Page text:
Schools in Singapore, both local and international, offer a wide range of foods for students to enjoy. For busy parents, paying for school-supplied lunches or giving children an allowance to spend on food at the school canteen is the most convenient option. For myself though (and a large number of parents), I prefer to send packed lunches from home for the kids and here are five reasons why the effort that goes into that home-packed lunch box, is totally worth it!
1. Parents know best
Parents know best when it comes to what their child’s food habits are. They are able to factor in a wide variety of their child’s favourite healthy food and are able to offer them a wider range of options than the school menu which can be rather repetitive.
Also, home-packed lunches are the safest bet for kids with allergies and food sensitivities (to gluten, dairy, nuts, eggs etc) as not all schools are able to accommodate these unique requirements.
2. Healthy eating habits
By the age of 3, kids start to show a clear preference for some foods over others. This is a great opportunity to help them develop a taste for healthy foods – especially fruit and veggies. Getting kids involved in selecting the healthy additions to their school lunches gives them a sense of responsibility and control. I see this as an investment because, over a period, your children will learn how to make good choices even when mummy isn’t watching. That is the kind of learning that will stay with them through adolescence and adult hood. When you think about the larger picture – these habits will in turn encourage and help develop a love for cooking at home instead of turning to convenient and often unhealthy take-out food!
3. Less wastage
For younger kids, school provided lunches result in a lot of food waste as portion sizes tend to be much higher than what the average 3- 5-year-old eats. This waste goes totally un-checked as parents never “see” the food being wasted. When a child brings leftovers from a home-packed lunch it helps mums know how much the child ate. Also, left over lunch boxes can easily be used as after-school snacks. Children therefore learn not to simply toss un-eaten food into the bin, but that it can be easily saved and eaten later!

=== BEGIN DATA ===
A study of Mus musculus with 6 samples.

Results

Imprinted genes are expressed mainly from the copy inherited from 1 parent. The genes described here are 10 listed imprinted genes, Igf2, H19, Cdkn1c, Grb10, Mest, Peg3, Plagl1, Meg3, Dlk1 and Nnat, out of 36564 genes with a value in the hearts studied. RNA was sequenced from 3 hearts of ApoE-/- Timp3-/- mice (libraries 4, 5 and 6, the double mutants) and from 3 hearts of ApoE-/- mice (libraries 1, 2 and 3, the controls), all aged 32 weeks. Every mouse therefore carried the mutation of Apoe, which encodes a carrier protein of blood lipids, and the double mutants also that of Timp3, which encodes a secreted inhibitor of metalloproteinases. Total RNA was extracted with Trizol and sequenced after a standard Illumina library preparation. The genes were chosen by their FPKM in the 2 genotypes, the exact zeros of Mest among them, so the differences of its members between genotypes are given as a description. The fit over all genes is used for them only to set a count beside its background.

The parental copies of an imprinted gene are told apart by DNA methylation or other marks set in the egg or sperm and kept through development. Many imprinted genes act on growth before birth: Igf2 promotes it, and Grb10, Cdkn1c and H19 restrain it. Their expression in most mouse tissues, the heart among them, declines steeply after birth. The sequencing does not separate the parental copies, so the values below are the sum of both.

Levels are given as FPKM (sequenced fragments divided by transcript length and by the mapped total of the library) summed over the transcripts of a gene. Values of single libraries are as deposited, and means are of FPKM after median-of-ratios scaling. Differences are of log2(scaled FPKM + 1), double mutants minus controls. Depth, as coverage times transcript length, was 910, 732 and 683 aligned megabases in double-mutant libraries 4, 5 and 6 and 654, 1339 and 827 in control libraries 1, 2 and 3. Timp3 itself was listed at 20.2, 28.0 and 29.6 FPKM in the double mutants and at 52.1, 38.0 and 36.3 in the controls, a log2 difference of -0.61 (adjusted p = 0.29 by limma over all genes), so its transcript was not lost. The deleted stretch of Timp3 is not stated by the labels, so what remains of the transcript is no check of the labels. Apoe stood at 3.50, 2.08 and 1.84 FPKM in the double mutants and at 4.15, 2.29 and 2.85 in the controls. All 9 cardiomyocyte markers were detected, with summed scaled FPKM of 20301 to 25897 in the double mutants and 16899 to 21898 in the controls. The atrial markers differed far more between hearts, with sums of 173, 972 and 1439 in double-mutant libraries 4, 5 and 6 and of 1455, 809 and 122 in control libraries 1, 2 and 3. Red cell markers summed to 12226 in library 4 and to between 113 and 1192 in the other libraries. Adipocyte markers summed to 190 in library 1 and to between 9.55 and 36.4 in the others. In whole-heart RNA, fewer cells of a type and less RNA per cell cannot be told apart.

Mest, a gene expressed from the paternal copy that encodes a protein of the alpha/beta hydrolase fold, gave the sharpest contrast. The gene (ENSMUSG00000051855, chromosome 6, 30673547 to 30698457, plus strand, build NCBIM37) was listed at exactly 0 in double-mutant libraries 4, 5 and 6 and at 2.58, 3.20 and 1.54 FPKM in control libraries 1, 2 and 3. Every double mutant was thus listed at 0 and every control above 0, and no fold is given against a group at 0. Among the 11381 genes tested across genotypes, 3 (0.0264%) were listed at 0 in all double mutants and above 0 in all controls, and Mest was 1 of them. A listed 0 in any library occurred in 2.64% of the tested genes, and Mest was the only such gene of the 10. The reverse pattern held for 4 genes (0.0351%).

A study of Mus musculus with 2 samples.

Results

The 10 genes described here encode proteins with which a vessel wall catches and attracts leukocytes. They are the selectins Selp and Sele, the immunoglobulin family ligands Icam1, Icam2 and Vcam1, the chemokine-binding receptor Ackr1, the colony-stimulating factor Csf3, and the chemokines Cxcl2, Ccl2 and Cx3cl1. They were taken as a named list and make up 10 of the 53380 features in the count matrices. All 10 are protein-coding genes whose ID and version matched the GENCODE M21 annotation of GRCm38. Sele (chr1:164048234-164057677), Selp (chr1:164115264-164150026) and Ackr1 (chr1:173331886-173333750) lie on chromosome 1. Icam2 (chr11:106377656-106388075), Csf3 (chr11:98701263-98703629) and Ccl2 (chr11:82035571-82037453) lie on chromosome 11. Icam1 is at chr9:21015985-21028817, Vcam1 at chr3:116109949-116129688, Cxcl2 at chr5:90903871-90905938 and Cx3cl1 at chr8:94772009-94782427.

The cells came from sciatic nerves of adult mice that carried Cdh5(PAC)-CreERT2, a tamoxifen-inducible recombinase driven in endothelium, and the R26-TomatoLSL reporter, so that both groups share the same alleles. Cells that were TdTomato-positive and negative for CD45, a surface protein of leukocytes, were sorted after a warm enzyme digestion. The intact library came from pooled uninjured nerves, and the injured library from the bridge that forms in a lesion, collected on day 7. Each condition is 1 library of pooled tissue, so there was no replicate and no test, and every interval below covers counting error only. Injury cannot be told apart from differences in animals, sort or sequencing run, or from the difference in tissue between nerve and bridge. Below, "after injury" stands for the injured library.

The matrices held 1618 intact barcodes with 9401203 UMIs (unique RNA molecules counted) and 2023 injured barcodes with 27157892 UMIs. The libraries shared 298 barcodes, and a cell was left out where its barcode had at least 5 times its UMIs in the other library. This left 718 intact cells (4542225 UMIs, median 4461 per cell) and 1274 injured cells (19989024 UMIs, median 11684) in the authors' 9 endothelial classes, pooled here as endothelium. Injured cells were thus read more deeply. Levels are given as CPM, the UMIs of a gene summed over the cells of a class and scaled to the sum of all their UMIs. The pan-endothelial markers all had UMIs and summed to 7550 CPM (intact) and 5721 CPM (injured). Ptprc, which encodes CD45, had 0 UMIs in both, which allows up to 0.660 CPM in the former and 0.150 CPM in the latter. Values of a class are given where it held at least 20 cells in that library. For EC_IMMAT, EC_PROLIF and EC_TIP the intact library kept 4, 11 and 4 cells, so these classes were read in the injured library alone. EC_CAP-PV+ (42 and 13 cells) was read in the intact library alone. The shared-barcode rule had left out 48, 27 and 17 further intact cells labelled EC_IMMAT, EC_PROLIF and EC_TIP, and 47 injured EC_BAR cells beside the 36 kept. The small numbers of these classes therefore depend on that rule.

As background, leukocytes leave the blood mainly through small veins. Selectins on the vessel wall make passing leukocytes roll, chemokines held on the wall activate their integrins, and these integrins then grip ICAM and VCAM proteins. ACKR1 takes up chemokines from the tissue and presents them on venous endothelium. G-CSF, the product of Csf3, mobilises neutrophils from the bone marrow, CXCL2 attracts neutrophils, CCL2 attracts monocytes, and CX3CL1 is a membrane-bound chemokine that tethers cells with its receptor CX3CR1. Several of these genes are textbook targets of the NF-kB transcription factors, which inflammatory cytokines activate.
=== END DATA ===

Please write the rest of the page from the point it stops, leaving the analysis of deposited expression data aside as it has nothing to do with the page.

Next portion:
4. Personal touch
Homemade lunches can easily accommodate foods from the culture a child belongs to. My little one often carries easy, healthy, kid-friendly Indian dishes (mini-idli, grilled paneer cubes etc). This helps create variety and our options can go way beyond sandwiches and the ever-popular pasta! She has learnt so much about Japanese, Italian, Taiwanese and Mexican dishes from her little lunch buddies who all also bring home-packed lunches and this encourages her to be more adventurous and accept different cuisines with an open mind! It’s such a great opportunity for learning! Moreover, parents can pop in little “love notes” or jokes and riddles for their kids as a fun personal touch!
5. It can be cheaper!
The average meal that a kindergarten child at an international school eats costs between $6-$8 per meal. Parents often pay between $7-$10 per meal for the older ones. Even if meals at school may not cost as much, you definitely can’t get the same quality of food as you would if you made the meals for your kid. The best part is that almost no food goes to waste because it can always be eaten later!
Bonus reason: You get to shop.
Ok, this one’s not exactly a compelling reason, but it’s more like a little bonus. One of the big reasons my little one looks forward to the new school year, is because she gets to go shopping and pick out her favourite lunch box and water bottle! While I narrow down the options based on size, material (Stainless steel, BPA free & thermal insulation) she gets to pick the colour or character that she likes! Having a lunch box of her choice plays a big part in motivating my little one to eat her lunch enthusiastically! So try your hands at making lunches for your child to bring to school.
Tanya Soman is the founder & head chef at Fusspot & Foodie, a Singapore based kids-focused food start-up and mum to her five-year-old girl Keya. When she takes a break from juggling her various roles as a mum, wife and entrepreneur, Tanya will most likely be found reading to her little girl in an animated voice, teaching herself origami or reminding her goofy dog-child Sherlock that crayons & Lego are not real food!